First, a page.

Overcoming your digital transformation challenges

There isn’t an organisation out there that isn’t in the throes of some sort of digital transformation. Some may still be in the early stages of their journey, others well advanced; some may be focused on smaller, incremental change projects, others on more expansive, progressive visions.

But for all that uniqueness and singularity, there’s a lot that’s very common across both private and public sector organisations. Drivers, for one thing, the reasons why we embark on digital transformation in the first place. The outcomes we are seeking tend to fall into a familiar list, from process optimisation and cost reduction right through to employee satisfaction and business continuity. We all know why we’re here, in other words.

But there’s something else familiar to most of us – the challenges around making good change happen, the barriers to achieving our various desired outcomes. Negotiating the ‘blockers’ is fraught because situations are invariably nuanced and it’s not always the same obvious things in play – for every scenario where the technology may be lacking or the process is imperfect you’ll have another where corporate culture is the killer or individual attitudes the enemy of progress. Or there’s the perfect storm of everything going on!

That said, if you can identify the barriers, you can better plan for their removal. Look out for:

Resource limitations

Capacity, finance and technical skills can all impact on transformation timelines – ensure they are all honestly captured in a current state analysis so you are forewarned and forearmed and can strategise and compensate accordingly. Your project needs a roadmap with clear, measurable objectives – the greater the diligence and openness at this stage, the more likely you are to reach your goals.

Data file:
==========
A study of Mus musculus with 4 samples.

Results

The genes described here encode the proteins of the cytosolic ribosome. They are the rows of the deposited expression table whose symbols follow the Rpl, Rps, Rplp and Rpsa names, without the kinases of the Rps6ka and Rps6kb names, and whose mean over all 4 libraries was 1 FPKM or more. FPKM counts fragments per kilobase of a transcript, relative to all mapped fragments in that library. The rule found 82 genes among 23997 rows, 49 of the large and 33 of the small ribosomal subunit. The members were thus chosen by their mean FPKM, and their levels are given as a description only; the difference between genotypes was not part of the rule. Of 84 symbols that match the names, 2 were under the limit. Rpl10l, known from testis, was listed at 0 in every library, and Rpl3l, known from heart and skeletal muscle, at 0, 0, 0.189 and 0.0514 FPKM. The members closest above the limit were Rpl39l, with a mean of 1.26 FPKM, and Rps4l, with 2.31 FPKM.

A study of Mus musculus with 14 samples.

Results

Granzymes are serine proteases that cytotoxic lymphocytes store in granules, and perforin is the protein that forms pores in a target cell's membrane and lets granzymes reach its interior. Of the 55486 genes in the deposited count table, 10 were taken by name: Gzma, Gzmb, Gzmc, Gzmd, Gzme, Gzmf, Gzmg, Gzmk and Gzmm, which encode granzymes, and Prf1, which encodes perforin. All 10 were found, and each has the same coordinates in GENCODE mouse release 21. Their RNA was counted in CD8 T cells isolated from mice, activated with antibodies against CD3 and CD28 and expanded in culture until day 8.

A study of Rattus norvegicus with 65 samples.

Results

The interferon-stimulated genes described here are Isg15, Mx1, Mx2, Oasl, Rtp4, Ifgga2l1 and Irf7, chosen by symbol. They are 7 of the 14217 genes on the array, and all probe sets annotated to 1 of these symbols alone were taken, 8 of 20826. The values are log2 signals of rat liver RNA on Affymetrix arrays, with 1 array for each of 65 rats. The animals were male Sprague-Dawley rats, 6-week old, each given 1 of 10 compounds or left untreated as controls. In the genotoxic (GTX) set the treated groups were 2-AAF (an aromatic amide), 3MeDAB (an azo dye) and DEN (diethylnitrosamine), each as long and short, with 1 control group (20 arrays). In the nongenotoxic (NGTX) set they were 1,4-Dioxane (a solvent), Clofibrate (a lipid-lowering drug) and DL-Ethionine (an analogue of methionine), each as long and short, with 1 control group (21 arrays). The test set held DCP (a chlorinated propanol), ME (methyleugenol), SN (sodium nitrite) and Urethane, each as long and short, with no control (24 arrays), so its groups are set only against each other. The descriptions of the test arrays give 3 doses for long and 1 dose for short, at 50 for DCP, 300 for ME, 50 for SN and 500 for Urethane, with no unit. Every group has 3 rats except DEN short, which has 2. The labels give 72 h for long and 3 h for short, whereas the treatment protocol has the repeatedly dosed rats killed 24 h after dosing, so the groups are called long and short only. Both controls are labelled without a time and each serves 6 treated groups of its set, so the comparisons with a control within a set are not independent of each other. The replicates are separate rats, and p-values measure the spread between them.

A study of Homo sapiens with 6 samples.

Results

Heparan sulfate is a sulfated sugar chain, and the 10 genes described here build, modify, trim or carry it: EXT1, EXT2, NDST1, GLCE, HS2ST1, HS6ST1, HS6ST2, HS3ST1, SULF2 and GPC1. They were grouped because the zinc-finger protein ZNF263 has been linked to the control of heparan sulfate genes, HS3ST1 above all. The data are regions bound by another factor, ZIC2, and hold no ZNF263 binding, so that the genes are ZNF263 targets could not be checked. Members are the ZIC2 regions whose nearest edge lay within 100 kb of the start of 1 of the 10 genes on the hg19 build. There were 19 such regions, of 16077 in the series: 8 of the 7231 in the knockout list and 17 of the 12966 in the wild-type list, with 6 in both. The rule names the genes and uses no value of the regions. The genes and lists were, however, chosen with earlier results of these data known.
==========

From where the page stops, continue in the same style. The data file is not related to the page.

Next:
Cultural resistance

It’s almost hard-wired into us, this resistance to change. And that can have an unwelcome double whammy effect, with it risking engagement with the transformation program itself and the subsequent adoption of the new systems and processes when introduced. Accept the importance of winning the hearts and minds of users – and don’t underestimate the efforts needed to corral and cajole.

Lack of c-suite sponsorship

You need a voice on the board, a champion for the program end-to-end. Otherwise your transformation program will suffer from a lack of visibility and run the risk of coming adrift from the overall business objectives. Strong leadership and clear articulation can help create a culture that is more accepting of change, even if it requires incentivising particular behaviours.

Delayed value

Just as people are resistant to change, they’re also impatient for results so focus on the quick wins – think jam today, rather than jam in a few months’ time. Prioritise those projects that deliver an early return on investment or demonstrable improvement in user experience. A positive experience of a smaller transformation project will help garner support for larger initiatives.

Isolationism

There may be a desire to recruit, train and motivate people with the right skills and generally ‘plough your own furrow’ – after all, who understands your business as well as you? But if you are under pressure to deliver results quickly, then do you really want that all on your shoulders and to cut yourself off from help? There is a mature network of systems integrators and managed service providers out there – try dipping into it for the specialist skills, project management expertise or a complete outsourced experience that can make your digital transformation program a reality.